New ‘school of cyber security’ established to protect UK infrastructure
Preventing cyber attacks on the systems that control the UK’s infrastructure will be the focus of a new government-funded department at Imperial College London (ICL).
Researchers at the new Research Institute into Trustworthy Industrial Control Systems at ICL will explore how to counteract threats to the systems that control a range of processes, including nuclear power, manufacturing, energy distribution and the national rail network.
Industrial Control Systems (ICS) comprise many components including physical mechanical parts, sensors, computer hardware and software. These are often located over long distances and in remote places, making them vulnerable to attack.
For example, the UK's railways use ICS to control the entire national network – from monitoring and controlling train movements across the country, to signalling and emergency services. One of the first challenges for researchers at the new Institute is to investigate ways to improve how ICS are protected.
Working alongside government and industry, the team will also identify how a lone cyber-attack on one business or utility could have a knock-on effect, affecting groups of businesses 'downstream', which could lead to impacts on the UK's infrastructure as a whole.
Prof Chris Hankin, director at ICL’s new Institute, said: "In 2007, parts of Estonia ground to a halt when it experienced a 'denial of service' cyber-attack, overloading servers, which led to a temporary government shutdown. While this is an extreme example, it highlights how vulnerable countries are to these types of threats.
"Our industrial control systems are vital for running most of the industrial processes that underpin modern society. From electricity generation to making sure trains run on time, these systems are vital to our everyday lives, but more work needs to be done to determine how vulnerable they are to threats from cyber-attack.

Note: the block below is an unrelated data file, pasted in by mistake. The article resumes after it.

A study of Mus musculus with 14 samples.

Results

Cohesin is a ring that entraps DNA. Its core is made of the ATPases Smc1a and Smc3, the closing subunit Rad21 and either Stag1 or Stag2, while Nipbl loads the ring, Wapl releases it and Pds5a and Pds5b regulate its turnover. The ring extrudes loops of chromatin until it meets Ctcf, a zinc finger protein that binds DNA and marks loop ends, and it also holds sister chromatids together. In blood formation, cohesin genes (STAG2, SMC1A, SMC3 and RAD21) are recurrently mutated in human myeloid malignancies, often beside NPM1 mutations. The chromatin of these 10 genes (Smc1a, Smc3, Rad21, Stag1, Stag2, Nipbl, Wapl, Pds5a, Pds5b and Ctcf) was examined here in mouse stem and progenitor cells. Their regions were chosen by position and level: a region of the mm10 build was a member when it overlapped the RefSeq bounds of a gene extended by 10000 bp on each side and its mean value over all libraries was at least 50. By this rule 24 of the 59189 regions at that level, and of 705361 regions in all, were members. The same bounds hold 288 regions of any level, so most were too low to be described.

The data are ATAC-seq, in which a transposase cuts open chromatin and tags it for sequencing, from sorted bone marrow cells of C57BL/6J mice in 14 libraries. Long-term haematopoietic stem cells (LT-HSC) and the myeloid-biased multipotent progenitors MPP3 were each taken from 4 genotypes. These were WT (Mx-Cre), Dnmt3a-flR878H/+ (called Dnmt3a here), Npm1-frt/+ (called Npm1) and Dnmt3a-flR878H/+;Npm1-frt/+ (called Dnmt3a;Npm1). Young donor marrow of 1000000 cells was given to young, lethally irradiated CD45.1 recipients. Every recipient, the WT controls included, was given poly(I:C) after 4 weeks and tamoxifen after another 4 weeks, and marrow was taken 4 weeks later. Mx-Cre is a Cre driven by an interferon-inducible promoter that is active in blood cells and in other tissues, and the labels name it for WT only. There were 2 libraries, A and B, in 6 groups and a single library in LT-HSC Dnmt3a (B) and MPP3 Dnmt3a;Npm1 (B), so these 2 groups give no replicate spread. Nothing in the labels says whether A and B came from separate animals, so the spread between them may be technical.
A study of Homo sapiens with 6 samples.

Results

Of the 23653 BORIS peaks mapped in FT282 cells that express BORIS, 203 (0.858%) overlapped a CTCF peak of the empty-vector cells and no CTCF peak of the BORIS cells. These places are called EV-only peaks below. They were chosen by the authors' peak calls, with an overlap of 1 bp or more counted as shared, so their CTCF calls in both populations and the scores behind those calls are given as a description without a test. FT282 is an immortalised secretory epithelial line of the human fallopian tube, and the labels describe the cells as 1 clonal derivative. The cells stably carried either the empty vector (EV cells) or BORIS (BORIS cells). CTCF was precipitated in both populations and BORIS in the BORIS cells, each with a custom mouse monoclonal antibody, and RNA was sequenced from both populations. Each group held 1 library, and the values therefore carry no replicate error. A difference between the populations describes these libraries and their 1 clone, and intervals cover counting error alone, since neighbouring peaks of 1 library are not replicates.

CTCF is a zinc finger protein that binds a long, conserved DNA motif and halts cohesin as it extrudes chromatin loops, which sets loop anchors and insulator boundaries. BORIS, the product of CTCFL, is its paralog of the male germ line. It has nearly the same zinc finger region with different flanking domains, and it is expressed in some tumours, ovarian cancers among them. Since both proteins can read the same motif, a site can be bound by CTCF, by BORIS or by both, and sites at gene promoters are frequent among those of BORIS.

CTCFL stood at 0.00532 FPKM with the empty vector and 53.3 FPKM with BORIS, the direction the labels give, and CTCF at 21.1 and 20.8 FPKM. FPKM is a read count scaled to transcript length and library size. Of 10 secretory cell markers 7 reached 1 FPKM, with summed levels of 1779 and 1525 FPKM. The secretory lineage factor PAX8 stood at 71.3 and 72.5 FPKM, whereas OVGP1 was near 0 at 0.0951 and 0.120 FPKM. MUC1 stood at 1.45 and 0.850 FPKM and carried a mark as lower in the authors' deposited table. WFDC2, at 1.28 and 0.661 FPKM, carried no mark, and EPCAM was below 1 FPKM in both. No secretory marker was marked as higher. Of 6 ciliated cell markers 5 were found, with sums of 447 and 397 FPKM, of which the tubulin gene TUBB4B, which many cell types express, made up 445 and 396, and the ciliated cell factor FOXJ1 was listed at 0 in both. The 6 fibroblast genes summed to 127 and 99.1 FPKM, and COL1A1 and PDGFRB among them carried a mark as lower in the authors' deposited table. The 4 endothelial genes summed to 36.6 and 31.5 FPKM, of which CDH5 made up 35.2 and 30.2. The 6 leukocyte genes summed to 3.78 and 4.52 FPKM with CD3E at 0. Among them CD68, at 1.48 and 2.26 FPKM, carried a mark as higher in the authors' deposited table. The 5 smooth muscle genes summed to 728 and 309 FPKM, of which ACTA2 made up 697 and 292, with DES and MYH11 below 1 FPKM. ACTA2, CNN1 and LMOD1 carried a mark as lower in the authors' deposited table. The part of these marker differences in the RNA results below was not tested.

“Research at Imperial's Institute will focus on working out what the potential dangers are, so that new technologies and procedures can be designed to mitigate them in the future."
The Institute is jointly funded by the Engineering and Physical Sciences Research Council (EPSRC) and the Cabinet Office via the Centre for the Protection of the National Infrastructure.
Francis Maude, minister for the Cabinet Office with responsibility for the UK Cyber Security Strategy, said: "The National Cyber Security Programme has ensured serious investment through its partnership with academia. This will make certain that the best UK expertise in thought and innovation in the study of cyber security is properly supported.
“The UK's third academic Research Centre at Imperial College will further strengthen capability and reputation in the strategically important area of protecting industrial control systems that lie behind some of our national infrastructure."
Professor David Delpy, chief executive of the EPSRC, said: "This EPSRC investment is part of our wider support for underpinning research into the science of cyber security.
“We need to ensure that the UK has the capability to protect both our physical and virtual assets and to do this we must develop outstanding individuals, support the best projects and make the most of the opportunities that the online environment can deliver for our economy."